MK Moshe Gafni, from the Ultra-Orthodox United Torah Judaism party, has placed some 60 bills on Israel's Knesset’s agenda in the past month, some of which are of a religious nature, and with most of these proposals anchored in the coalition agreements made with Benjamin Netanyahu's Likud party.
Among them are arranging for separate bathing hours for men and women at nature reserves, creating a status for Torah study in Israel's Basic Law, and a ban on bringing chametz into hospitals during Passover.
A statement signed by “senior Likud members” on Tuesday vows that the status-quo on state and religion matters “will be strictly maintained, including in the Nature and Parks Authority.”
Gafni has submitted all these bills during previous governments, but in light of the composition of the current coalition, they have been resubmitted to be advanced.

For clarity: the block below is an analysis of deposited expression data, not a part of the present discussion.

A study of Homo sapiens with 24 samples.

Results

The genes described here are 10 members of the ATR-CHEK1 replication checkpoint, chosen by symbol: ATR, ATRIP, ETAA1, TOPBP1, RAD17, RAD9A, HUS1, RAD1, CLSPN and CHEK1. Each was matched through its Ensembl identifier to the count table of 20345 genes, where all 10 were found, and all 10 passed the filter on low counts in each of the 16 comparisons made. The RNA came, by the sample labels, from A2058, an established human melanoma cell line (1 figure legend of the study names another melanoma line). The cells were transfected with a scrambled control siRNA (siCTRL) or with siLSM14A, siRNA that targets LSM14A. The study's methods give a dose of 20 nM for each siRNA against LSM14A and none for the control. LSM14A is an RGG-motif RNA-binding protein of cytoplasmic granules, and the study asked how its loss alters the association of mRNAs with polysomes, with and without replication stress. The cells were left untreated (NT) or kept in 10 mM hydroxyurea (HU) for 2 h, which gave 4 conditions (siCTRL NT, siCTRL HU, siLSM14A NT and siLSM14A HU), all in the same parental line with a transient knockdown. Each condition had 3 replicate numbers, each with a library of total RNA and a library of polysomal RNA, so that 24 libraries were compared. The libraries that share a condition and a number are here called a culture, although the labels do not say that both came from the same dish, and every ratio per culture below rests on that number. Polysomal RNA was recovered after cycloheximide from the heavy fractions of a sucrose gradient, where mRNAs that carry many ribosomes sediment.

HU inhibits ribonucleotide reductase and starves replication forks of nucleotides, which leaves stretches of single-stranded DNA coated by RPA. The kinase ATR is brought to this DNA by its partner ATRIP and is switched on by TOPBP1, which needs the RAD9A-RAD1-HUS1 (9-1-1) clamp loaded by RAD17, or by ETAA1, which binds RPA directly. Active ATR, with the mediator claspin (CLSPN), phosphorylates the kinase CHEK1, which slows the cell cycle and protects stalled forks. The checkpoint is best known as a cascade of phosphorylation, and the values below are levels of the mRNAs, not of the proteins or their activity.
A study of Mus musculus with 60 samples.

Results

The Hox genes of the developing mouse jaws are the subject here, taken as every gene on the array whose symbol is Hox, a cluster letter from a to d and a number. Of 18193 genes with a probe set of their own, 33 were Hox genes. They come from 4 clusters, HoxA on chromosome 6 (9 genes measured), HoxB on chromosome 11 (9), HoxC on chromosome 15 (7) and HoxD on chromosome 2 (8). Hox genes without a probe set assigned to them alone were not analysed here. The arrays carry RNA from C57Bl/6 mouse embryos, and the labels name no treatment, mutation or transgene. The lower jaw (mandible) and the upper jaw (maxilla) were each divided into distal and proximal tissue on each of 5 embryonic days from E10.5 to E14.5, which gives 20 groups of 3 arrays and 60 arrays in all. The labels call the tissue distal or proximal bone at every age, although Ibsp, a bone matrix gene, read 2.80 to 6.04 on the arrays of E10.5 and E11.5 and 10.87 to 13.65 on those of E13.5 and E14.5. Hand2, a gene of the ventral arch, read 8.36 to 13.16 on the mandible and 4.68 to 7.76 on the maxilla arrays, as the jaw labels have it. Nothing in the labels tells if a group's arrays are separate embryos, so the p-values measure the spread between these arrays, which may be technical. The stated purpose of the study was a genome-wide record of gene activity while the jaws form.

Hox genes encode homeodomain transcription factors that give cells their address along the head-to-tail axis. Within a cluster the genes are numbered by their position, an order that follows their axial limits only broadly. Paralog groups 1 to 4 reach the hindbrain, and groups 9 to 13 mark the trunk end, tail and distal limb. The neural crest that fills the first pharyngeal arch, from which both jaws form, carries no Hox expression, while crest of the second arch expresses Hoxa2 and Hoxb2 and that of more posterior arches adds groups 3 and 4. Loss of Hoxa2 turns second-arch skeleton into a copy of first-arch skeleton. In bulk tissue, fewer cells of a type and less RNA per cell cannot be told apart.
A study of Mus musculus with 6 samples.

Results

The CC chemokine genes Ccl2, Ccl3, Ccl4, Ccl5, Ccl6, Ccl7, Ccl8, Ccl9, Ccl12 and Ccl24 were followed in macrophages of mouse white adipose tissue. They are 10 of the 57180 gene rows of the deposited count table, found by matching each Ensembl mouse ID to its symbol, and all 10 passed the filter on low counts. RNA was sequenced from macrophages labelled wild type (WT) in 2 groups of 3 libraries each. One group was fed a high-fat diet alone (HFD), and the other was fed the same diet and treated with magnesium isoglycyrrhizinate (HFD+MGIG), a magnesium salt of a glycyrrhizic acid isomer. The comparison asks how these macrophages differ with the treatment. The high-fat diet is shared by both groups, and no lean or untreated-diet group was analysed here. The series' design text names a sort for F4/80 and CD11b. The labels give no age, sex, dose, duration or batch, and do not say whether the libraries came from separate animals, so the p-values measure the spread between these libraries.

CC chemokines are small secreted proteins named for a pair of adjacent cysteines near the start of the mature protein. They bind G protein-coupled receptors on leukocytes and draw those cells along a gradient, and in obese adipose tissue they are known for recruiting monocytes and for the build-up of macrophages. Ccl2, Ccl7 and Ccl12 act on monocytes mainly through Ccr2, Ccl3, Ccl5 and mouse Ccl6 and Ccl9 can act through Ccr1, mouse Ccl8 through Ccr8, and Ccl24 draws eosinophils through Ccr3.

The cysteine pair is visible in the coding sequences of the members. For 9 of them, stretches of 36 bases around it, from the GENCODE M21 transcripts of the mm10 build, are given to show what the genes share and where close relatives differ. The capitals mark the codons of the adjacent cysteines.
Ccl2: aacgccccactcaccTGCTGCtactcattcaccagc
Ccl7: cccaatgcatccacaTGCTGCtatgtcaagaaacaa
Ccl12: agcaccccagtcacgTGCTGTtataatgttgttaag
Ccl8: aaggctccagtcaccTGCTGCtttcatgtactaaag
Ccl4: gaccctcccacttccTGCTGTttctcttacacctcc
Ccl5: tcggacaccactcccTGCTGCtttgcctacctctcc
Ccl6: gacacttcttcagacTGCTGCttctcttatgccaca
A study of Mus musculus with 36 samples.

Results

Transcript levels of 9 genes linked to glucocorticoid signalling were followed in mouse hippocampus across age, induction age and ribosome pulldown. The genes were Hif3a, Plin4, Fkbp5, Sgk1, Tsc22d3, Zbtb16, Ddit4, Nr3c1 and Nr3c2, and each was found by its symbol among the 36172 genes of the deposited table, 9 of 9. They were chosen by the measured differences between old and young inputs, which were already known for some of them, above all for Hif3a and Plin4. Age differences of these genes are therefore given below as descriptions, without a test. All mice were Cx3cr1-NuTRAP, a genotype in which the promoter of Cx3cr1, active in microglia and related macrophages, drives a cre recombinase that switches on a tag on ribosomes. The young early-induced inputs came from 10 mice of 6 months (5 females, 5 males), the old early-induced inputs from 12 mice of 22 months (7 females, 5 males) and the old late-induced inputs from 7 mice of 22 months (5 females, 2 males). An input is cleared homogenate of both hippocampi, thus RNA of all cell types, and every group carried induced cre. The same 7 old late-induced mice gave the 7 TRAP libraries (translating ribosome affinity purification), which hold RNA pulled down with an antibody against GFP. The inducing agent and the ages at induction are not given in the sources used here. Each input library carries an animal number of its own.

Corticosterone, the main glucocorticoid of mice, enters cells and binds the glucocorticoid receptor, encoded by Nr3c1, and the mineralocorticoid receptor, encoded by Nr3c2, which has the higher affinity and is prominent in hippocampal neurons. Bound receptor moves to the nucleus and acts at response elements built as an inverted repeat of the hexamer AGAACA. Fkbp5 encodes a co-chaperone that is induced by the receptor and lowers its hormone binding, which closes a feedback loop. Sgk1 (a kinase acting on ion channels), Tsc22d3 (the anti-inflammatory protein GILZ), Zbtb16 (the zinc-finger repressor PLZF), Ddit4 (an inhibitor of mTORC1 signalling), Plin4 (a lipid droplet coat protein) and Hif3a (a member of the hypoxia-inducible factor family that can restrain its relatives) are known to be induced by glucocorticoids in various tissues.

In the bill to regulate bathing sites, which is not mentioned in the agreement between UTJ and Likud, Gafni proposes that the Nature and Parks Authority establish separate bathing times for men and women at a rate not less than 15 percent of the operating hours of each site.
"For religious reasons, bathing is avoided in places where there are no separate bathing hours… Thus, these populations are discriminated against compared to all citizens of the state," the proposal stated. Additionally, Gafni suggested that a local authority with at least six declared bathing places may decide to designate a separated bathing beach.
In another bill that he submitted, the proposed legislation, known in Israel as the Chametz Law, would force hospitals to keep chametz – all kinds of foods that are not kosher for Passover – off of their grounds during the week-long holiday.